Square Mile, London Travel Guide
Square Mile Summary
- Less crowded than other areas of London
- A range of stunning architecture -- from the Matrix-like Llyod's of London building to 17th-century St. Paul's Cathedral
- Several popular historic sites, including the Tower of London, the Temple of Mithras, and Smithfield Market
- Home to the Museum of London
- Sweeping views of the city from The Monument, a tall column in remembrance of the Great Fire
- London's financial center (a con for some!)
- Not a great shopping scene (although Bow Lane has some boutiques)
- Parts of the Square Mile can be very quiet on the weekends, with some restaurants and bars closing for Saturday and Sunday
- A business-heavy area (a pro for some!)
What It's Like
Referred to as "The City" by locals, London's Square Mile marks the original site of the city, founded by the Romans. Today, the Square Mile is the financial district of London, as well as home to several tourist destinations. The skyline is dominated by modern buildings, but some centuries-old sites -- those that survived the Great Fire of London in 1666 -- remain.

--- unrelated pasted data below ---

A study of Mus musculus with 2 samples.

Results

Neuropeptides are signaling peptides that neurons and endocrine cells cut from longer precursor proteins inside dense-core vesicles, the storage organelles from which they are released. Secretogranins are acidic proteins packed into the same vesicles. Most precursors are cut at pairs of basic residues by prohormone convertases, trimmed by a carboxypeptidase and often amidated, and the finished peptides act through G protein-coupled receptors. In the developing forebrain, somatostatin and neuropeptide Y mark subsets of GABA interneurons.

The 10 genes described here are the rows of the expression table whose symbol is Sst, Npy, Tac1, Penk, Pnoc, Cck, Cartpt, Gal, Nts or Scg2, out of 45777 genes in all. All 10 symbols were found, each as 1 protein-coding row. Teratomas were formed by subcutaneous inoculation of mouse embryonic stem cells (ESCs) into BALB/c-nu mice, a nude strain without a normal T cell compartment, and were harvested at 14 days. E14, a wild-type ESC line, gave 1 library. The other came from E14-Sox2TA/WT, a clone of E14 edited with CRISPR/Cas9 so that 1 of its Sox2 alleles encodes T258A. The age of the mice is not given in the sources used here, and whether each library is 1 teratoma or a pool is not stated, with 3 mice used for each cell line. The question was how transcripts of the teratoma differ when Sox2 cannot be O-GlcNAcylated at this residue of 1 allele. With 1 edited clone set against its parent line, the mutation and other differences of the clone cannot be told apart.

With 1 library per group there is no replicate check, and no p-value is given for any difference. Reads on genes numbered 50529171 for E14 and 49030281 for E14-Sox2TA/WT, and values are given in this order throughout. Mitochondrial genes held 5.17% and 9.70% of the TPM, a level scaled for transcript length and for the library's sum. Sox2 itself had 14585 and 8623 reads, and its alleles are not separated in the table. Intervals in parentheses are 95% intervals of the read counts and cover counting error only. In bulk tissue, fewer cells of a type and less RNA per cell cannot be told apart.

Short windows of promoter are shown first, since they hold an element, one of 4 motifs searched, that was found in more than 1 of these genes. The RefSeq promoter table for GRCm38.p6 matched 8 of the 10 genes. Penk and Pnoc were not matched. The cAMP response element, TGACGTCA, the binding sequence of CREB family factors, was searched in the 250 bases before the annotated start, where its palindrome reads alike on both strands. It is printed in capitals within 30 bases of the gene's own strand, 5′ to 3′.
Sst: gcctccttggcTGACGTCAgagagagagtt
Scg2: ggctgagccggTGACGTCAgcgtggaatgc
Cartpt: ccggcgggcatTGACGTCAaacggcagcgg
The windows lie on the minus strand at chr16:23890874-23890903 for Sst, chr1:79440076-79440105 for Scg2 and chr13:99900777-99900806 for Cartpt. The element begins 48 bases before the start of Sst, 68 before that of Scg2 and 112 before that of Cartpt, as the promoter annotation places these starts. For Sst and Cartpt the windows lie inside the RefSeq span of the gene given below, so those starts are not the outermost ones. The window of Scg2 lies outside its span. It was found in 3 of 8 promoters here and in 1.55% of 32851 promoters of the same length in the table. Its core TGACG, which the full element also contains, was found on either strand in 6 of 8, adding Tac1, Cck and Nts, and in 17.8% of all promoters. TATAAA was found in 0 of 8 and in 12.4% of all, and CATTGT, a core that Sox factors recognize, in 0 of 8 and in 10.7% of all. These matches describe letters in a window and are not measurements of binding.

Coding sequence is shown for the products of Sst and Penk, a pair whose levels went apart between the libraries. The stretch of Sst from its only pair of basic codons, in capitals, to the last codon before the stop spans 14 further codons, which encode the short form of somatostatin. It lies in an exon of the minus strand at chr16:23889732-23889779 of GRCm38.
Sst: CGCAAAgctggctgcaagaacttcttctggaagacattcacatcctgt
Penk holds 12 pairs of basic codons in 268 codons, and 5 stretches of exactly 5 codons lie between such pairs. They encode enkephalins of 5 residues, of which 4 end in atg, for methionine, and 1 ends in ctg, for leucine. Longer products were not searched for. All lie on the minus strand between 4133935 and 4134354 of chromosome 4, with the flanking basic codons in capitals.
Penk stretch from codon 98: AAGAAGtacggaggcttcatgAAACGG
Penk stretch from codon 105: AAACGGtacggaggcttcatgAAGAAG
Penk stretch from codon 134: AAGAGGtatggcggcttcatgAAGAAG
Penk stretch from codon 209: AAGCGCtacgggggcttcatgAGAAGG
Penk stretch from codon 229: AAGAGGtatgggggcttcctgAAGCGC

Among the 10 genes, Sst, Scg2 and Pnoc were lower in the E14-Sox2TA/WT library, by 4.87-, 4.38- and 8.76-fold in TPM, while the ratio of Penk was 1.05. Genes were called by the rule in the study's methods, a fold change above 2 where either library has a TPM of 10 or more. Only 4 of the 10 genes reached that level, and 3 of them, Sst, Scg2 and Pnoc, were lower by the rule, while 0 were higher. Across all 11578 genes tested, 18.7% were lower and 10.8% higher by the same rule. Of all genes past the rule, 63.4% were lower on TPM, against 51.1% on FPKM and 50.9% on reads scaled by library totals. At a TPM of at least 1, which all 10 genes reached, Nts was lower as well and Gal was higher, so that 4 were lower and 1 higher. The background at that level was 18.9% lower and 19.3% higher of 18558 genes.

Since it's a business hub, the Square Mile clears out on the weekends, and some restaurants and bars even close down on Saturday and Sunday. Popular sites -- St. Pauls Cathedral, the Tower of London, and the remains of the Temple of Mithras, among others -- are almost always busy with tourists, however, as they are must-sees when visiting London. Although the shopping scene in the Square Mile can't beat those of Soho and Covent Garden, Bow Lane is lined by several boutiques.
Where to Stay
Square Mile has only recently received an influx of hotels, so many in the area are new. Despite being home to several museums and historic sites, Square Mile mostly draws in business travelers overnight -- many tourists visit the area by day but stay in West End neighborhoods.